Teaching dogs rather than training

June 19th, 2015 9:22 am

First Posted: 12/21/2013

When Tony Mercuri of Clarks Summit teaches obedience to dogs, he cares more about the dog’s mind than about the physical action. He believes what dog owners really want in a dog is a little focus and discipline. That’s what he teaches dogs at K-9 Academy, an obedience school he owns at 881 Old State Road in Clarks Summit.

Since K-9 Academy’s beginning in January 2013, Mercuri has been teaching dogs comprehension skills in his basic obedience program. He explained that when dog trainers hold a treat and give a command, it’s more or less just a response.

“They (dogs) are not actually thinking about what’s going on,” he said. “Where as when I tell a dog to sit or lay down, I don’t actually care about the action that they’re doing. I care about what’s going on in their head.”

Mercuri mentioned that he starts the program with very basic skills and forms a foundation, which he and the dog owners build upon in each lesson.

“The very first thing I teach all dogs is the words “no” and “OK” and the discipline that goes behind it,” he explained. “Once you teach a dog “no” and “OK,” you can teach them anything.”

Mercuri mentioned that “no” is the control word and “OK” is the release word. When he tells a dog “sit” or “down,, he expects the dog to stay until he says “OK.”

He also teaches dogs words like “sit,” “stay,” “come,” and “down.” Once the dogs understands these words, he uses these commands in complete sentences, so that dogs could know other words as well.

Mercuri believes that most dogs suffer from obsessive compulsive disorder to one degree or another.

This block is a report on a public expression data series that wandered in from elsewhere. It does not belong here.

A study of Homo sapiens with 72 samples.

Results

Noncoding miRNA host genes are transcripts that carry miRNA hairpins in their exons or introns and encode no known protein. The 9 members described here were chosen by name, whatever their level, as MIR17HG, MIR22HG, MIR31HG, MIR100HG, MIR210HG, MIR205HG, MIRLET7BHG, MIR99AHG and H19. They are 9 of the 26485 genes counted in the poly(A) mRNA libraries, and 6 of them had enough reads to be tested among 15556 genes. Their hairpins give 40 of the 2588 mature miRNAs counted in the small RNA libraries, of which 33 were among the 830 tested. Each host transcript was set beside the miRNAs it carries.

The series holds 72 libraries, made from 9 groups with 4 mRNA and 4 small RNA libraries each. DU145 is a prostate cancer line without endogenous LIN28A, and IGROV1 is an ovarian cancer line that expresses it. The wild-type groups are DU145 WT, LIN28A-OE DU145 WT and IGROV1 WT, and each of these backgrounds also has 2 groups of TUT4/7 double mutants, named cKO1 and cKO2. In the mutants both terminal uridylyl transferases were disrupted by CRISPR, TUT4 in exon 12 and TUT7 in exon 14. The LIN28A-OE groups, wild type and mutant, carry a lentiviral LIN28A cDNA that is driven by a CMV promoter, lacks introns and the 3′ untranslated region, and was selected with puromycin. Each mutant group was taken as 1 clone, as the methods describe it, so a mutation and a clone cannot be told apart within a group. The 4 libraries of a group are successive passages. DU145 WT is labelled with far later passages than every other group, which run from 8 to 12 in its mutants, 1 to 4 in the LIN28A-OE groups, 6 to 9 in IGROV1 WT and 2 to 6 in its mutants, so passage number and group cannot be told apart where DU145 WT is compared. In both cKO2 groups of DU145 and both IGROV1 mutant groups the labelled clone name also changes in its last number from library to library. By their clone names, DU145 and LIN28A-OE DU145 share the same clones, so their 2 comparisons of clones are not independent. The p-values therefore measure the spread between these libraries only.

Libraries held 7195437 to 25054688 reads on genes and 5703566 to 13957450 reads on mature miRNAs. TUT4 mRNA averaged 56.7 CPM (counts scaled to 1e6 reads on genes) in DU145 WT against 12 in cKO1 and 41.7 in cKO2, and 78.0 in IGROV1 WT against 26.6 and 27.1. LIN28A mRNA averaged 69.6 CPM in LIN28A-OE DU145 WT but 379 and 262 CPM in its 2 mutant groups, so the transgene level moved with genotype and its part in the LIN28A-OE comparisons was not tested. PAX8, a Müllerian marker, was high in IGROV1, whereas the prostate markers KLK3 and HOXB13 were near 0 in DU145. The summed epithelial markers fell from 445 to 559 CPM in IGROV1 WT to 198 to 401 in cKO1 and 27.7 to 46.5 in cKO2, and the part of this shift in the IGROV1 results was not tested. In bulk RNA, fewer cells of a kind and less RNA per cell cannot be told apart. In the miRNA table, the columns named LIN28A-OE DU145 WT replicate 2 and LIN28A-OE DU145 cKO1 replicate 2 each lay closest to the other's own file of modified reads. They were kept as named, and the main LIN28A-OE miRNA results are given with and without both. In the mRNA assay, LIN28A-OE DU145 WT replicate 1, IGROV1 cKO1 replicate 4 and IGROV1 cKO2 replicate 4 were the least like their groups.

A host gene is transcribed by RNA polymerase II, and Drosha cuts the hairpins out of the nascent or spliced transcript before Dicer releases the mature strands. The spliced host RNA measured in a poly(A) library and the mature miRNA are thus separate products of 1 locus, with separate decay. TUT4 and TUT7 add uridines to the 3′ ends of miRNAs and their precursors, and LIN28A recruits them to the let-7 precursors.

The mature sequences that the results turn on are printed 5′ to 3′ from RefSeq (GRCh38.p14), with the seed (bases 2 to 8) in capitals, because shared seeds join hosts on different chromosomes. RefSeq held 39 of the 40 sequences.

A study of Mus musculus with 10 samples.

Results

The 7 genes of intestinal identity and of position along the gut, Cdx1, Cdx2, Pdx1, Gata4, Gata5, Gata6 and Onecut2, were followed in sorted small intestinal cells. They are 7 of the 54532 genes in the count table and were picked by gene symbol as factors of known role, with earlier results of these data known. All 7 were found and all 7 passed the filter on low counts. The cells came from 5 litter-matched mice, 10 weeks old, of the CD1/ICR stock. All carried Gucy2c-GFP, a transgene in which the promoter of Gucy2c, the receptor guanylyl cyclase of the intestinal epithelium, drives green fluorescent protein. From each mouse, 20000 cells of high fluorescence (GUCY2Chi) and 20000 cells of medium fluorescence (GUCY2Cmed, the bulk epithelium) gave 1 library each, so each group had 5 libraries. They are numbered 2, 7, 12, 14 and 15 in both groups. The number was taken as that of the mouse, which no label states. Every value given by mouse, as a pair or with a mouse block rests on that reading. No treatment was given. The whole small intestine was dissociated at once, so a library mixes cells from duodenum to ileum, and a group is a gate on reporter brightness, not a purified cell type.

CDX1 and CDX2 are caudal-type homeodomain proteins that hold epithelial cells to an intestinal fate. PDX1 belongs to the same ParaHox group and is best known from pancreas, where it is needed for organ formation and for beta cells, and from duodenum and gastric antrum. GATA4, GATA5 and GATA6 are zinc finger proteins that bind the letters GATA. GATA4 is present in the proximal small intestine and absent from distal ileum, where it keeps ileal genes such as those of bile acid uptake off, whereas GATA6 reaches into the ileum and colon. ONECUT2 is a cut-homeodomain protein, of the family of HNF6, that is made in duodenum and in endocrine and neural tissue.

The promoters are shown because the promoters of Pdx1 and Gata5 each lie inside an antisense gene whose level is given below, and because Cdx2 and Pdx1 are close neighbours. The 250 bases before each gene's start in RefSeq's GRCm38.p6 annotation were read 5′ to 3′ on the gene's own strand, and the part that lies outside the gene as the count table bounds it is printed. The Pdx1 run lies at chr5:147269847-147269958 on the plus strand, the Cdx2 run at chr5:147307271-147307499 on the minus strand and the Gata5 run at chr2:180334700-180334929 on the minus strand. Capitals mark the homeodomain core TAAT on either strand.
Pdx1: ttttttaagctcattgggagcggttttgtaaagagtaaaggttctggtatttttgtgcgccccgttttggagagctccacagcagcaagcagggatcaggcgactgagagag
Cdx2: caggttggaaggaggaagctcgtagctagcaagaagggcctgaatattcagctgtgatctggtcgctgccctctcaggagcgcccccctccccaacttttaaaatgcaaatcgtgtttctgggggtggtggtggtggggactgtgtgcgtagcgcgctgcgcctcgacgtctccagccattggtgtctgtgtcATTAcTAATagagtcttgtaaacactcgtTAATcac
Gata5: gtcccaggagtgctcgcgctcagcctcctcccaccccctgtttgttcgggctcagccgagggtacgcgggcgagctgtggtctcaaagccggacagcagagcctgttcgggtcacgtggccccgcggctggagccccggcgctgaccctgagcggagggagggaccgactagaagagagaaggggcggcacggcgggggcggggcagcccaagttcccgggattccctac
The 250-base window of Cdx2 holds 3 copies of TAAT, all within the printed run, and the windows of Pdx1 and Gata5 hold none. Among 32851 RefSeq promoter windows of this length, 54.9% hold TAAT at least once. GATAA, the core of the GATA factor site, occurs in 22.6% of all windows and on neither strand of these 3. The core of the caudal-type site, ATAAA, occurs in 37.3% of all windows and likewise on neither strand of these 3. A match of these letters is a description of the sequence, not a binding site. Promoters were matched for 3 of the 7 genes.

“Once you get them focused and slow their brains down because their minds are racing, once you slow that down, you can teach them anything,” he said.

Each dog has their own personality trait, whether it be aggressive, fearful, dominant, happy-go-lucky, or submissive, he said and so he teaches dogs differently based on their personality.

“Dog training isn’t really breed-specific, it’s personality-specific,” he stated. “So, before you can learn how to teach a dog, you have to know what kind of personality they have.”

Mercuri doesn’t believe in the old saying, ‘You can’t teach an old dog new tricks.’ He believes that dogs can be trained at any age, and that as long as dogs keep learning, their minds will remain sharp.

K-9 Academy also has an advanced obedience program, in which he teaches dogs hand signals and commands in German. He teaches German because it’s the international language of dog training. He uses German formally but English casually. Some of his international hand signals include the ones for “down,” “sit,” and “heel.”

He’ll also uses distraction scenarios to keep dogs focused even when diversions occur around them.

Mercuri is no stranger to the dog business. After high school, he worked as a decoy for police and private guard dogs for an internship for another dog trainer. Then, he opened a dog grooming shop called K-9 Care, which was located on State Street in Clarks Summit.

“I pretty much got roped into doing dog training because I had lots of clients begging me to do dog training for them. People always ask their dog groomers for advice,” he quipped.

Mercuri is a dog owner himself. He has a Rottweiler, an American bulldog, and a couple of German shepherds, one of which he recently rescued. His grandfather, the late Clark Pritchard, trained competitive beagles in Easton.

His wife, Tracy, also helps him with the business part of K-9 Academy. They have two sons, Anthony and Giovanni.

“Dogs seem to take to him,” Tracy said about her husband. “I think he’s the best dog trainer in Northeast PA.”

K-9 Academy accepts all breeds of dogs at any age and any behavior. Mercuri has even taught dogs, whose owners were about to give up on them. One client, Mary Ellen Durkin of Ransom Township, has a German shepherd named Willow.

Durkin said Willow was out of control before going to K-9 Academy. Since her obedience program, Willow’s behavior has improved greatly.

“Tony has turned her (Willow’s) life around,” said Durkin. “Tony’s like a dog whisperer. I highly recommend him. He goes the extra mile. He kept my dog for three weeks, and she learned German and hand signals. Willow was the worst dog I ever owned, and now she’s the best dog I ever owned.”